Canadians awoke to news this week that Canada’s rate of inflation means prices will continue to rise at a rate of 6.9%.
The upside, according to some media headlines, is the inflation rate increase of 6.9% is not accelerating as quickly as the 7% rate last month.
Unfortunately for grocery prices, it is even worse, as the rate of food inflation is currently 11.4%. That is the fastest increase since 1981 and is causing considerable discomfort for constituents I have spoken with, particularly those with low or fixed incomes, who are feeling triple squeezed by higher gas, groceries and housing costs.
On the subject of food inflation, this week, the House of Commons voted unanimously for an NDP motion that proposes a number of measures to closely examine the profits of Canada’s largest grocery stores. I should add several economists and other experts in this area have reported they believe the data will show excess profiteering is not the cause of rapidly rising grocery prices.
From my perspective I believe it is important this area is properly scrutinized and grocery stores are accountable to elected officials to explain their pricing structures.
Also occurring in Ottawa is the ongoing Public Order Emergency Commission (POEC) that is hearing testimony from a variety of sources as it probes whether the government met the standard for invoking emergency powers found in the Emergencies Act, as required by law.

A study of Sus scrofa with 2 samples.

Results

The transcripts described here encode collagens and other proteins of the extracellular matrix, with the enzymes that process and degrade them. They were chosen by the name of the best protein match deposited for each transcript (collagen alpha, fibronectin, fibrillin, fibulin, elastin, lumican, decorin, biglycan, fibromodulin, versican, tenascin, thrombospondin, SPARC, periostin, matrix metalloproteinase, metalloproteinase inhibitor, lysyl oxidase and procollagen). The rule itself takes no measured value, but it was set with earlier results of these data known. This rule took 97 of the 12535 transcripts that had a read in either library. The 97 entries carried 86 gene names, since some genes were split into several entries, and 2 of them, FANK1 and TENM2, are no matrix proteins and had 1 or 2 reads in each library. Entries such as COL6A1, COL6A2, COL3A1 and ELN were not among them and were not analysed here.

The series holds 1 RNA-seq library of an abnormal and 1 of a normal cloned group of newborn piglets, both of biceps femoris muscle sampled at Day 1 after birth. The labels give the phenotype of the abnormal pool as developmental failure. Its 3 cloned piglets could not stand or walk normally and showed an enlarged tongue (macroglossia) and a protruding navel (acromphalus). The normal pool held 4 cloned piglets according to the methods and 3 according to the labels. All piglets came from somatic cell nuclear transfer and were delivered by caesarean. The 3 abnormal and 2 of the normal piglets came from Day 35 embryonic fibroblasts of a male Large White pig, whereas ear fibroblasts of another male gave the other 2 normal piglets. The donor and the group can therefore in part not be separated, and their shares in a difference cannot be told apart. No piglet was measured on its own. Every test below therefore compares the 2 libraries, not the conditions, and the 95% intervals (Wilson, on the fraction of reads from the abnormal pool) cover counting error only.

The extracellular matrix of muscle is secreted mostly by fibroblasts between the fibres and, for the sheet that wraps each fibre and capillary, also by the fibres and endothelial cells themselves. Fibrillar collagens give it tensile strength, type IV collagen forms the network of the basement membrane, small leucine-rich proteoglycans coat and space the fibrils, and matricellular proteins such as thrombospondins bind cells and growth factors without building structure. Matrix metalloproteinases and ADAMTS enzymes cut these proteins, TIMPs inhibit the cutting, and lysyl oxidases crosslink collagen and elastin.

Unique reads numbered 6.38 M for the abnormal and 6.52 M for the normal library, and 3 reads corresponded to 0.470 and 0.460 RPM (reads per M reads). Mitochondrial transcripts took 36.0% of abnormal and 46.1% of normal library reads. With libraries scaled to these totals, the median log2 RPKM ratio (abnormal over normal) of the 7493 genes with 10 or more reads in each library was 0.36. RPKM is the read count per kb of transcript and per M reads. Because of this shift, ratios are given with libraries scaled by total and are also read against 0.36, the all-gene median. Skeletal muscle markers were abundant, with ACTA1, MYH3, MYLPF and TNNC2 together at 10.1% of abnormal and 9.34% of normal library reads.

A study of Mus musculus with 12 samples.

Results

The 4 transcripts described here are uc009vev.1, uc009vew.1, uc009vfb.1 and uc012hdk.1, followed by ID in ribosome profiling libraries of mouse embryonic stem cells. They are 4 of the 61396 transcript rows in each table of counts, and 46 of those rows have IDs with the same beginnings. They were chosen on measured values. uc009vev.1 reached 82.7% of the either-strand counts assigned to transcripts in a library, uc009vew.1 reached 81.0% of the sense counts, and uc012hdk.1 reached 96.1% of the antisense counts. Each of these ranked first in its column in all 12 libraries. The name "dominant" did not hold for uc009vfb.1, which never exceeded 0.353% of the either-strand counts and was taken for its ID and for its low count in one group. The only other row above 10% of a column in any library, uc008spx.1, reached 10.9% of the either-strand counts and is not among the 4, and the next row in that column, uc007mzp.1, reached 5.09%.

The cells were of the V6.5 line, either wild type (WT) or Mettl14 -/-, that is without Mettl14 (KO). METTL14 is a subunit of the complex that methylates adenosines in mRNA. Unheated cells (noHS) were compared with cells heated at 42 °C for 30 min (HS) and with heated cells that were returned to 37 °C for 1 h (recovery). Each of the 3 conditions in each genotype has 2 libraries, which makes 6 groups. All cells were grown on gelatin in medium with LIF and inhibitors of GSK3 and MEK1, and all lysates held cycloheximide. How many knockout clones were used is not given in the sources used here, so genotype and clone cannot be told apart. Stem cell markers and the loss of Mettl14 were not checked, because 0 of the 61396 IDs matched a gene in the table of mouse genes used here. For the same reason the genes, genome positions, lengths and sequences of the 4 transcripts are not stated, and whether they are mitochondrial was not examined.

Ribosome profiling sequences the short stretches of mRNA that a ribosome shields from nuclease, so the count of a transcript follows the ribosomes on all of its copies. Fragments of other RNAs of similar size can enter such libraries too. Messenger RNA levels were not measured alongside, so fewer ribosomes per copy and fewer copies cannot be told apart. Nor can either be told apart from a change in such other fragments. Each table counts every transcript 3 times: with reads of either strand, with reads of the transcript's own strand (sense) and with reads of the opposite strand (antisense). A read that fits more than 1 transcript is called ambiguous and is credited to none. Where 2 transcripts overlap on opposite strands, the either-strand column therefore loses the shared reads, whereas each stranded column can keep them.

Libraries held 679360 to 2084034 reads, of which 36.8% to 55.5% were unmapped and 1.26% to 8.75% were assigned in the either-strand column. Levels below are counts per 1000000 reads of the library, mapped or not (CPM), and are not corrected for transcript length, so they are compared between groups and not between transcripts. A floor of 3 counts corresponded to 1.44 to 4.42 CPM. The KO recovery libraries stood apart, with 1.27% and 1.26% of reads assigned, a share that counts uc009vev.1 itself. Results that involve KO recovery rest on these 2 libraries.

While not a court of law, the commission has several powers to call for evidence and to hear testimony and has expressed it would like the public to submit their views on this matter. For those wishing to share a submission or email directly with the commission, click on this link: publicorderemergencycommission.ca/share-your-views/
Before I close this week, I want to take a moment to express my sincere condolences to the family, friends and colleagues of fallen RCMP Const. Shaelyn Yang, who was fatally stabbed while checking on a homeless individual camping in a Burnaby park. Yang was an RCMP mental health and homeless outreach officer.
This indirectly leads to my question for this week. Now that our civic elections are complete and many new mayors and councillors were elected, often at the expense of incumbents, it has been suggested by some one reason for changes was public safety.
My question this week:
How concerned are you about how well all levels of government combined are addressing public safety concerns?
I can be reached at [email protected] or call toll free 1-800-665-8711.
This article is written by or on behalf of an outsourced columnist and does not necessarily reflect the views of Castanet.